5 Tips for Instructional Designers When Working with Subject Matter Experts

A learning project’s success often depends on the valuable content provided by subject matter experts (SMEs). Here are a few tips to help the process run more smoothly when working with subject matter experts.

Instructional Designers

Involve SMEs heavily from the beginning, and create a sense of ownership.

Too often, a SME is asked to step in once the project has already been signed off and kicked off, which could potentially create a sense of distrust or the feeling that the SME’s knowledge is somehow less valuable. Start things off on the right foot by involving the expert in discussions at the outset. Besides lending expertise in a topic, the SME may have experience teaching the subject in another setting, such as at a local college or industry gathering, and may actually be familiar with instructional design models, adding value to the overall course design.

Communicate freely, but know when to let go.

Whatever you do, keep the SME — and everyone else on the project team — informed of the status and latest changes and developments going on in the project. Unlike other business processes, authoring learning materials requires dedicated time for focus and concentration. As such, only call for meetings when absolutely necessary. With strong project management oversight, deadlines and evaluations can be met at agreed-upon times.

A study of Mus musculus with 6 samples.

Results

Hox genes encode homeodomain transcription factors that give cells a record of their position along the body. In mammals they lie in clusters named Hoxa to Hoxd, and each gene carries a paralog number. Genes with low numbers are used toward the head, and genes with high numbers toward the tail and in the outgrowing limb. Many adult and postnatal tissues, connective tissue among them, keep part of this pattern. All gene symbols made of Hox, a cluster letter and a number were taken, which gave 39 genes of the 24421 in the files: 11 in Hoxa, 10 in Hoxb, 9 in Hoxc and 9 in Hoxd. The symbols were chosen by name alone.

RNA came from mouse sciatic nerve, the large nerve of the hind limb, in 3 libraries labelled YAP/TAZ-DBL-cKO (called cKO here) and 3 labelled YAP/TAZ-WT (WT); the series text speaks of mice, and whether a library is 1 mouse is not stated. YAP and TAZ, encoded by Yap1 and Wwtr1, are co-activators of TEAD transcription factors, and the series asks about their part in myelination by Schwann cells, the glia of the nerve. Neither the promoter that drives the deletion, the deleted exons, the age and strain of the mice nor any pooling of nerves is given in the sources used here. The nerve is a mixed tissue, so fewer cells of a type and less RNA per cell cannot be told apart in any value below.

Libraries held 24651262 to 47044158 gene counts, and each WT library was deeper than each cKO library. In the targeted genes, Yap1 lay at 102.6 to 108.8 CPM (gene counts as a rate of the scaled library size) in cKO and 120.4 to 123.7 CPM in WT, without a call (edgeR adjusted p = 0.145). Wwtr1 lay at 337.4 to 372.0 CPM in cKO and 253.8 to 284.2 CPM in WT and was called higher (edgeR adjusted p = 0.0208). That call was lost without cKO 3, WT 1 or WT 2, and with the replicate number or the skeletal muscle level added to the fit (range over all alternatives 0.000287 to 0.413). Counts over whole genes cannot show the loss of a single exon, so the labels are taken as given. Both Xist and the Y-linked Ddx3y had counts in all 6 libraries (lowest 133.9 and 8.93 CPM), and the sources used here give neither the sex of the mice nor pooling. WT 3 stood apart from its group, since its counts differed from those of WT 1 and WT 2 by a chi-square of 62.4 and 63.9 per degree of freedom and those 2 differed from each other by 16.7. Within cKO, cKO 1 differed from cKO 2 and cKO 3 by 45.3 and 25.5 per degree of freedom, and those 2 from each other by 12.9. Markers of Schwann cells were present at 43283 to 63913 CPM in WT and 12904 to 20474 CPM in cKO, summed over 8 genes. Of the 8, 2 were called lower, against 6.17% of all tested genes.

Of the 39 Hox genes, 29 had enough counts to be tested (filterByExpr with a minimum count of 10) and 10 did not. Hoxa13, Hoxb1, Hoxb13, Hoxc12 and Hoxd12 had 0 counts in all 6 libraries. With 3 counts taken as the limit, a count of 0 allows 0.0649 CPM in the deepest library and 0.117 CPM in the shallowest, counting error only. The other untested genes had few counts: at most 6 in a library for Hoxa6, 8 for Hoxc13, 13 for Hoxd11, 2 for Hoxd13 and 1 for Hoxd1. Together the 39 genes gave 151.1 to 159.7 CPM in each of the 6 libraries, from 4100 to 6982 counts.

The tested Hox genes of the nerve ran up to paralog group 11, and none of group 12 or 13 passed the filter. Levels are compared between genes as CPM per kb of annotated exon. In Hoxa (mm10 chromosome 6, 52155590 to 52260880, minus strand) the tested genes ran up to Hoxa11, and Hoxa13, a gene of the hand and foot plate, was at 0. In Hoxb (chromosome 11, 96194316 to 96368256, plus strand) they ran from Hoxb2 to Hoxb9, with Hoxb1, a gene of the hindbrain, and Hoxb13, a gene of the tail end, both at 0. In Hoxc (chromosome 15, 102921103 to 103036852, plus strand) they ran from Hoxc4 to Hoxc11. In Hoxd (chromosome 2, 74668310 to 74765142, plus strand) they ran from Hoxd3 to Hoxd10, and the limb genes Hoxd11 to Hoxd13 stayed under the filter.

Lean on collaboration tools to track progress.

Your learning authoring tool most likely includes collaboration features, in addition to your organization’s productivity software. SMEs are busy people, and their main job is not to develop learning materials. They will appreciate any efforts you take to make the project simpler and more efficient, especially if it saves them time. You should streamline your project and communication as much as possible by leaning on online collaboration tools.

Create a metric for success, and share it with the SME’s managers.

No one wants to know that their hard work ended up in the black hole. While you are most likely not the SME’s boss, create a key performance indicator (KPI) for the SME, and share it with the SME and his or her manager. While the KPI may not lead to a raise or bonus, the SME would be happy to know how the results of his or her efforts building courses led to positive learning outcomes. They might be pleased to learn that their expertise correlated with people being able to do their job better — or even obtain a new job. This could spur the SME to assist in building even more courses, or encourage additional professionals in the organization to help the learning and development effort by serving as experts. 

Wash, rinse, repeat.

Once the course is built and delivered to learners, record and share any lessons learned with instructional designers and the rest of the learning and development team — and even senior management. You may have interesting observations to share, in addition to shortcuts and processes to make everything run smoother for the next learning project with another SME.

And everyone can certainly benefit from shared learning.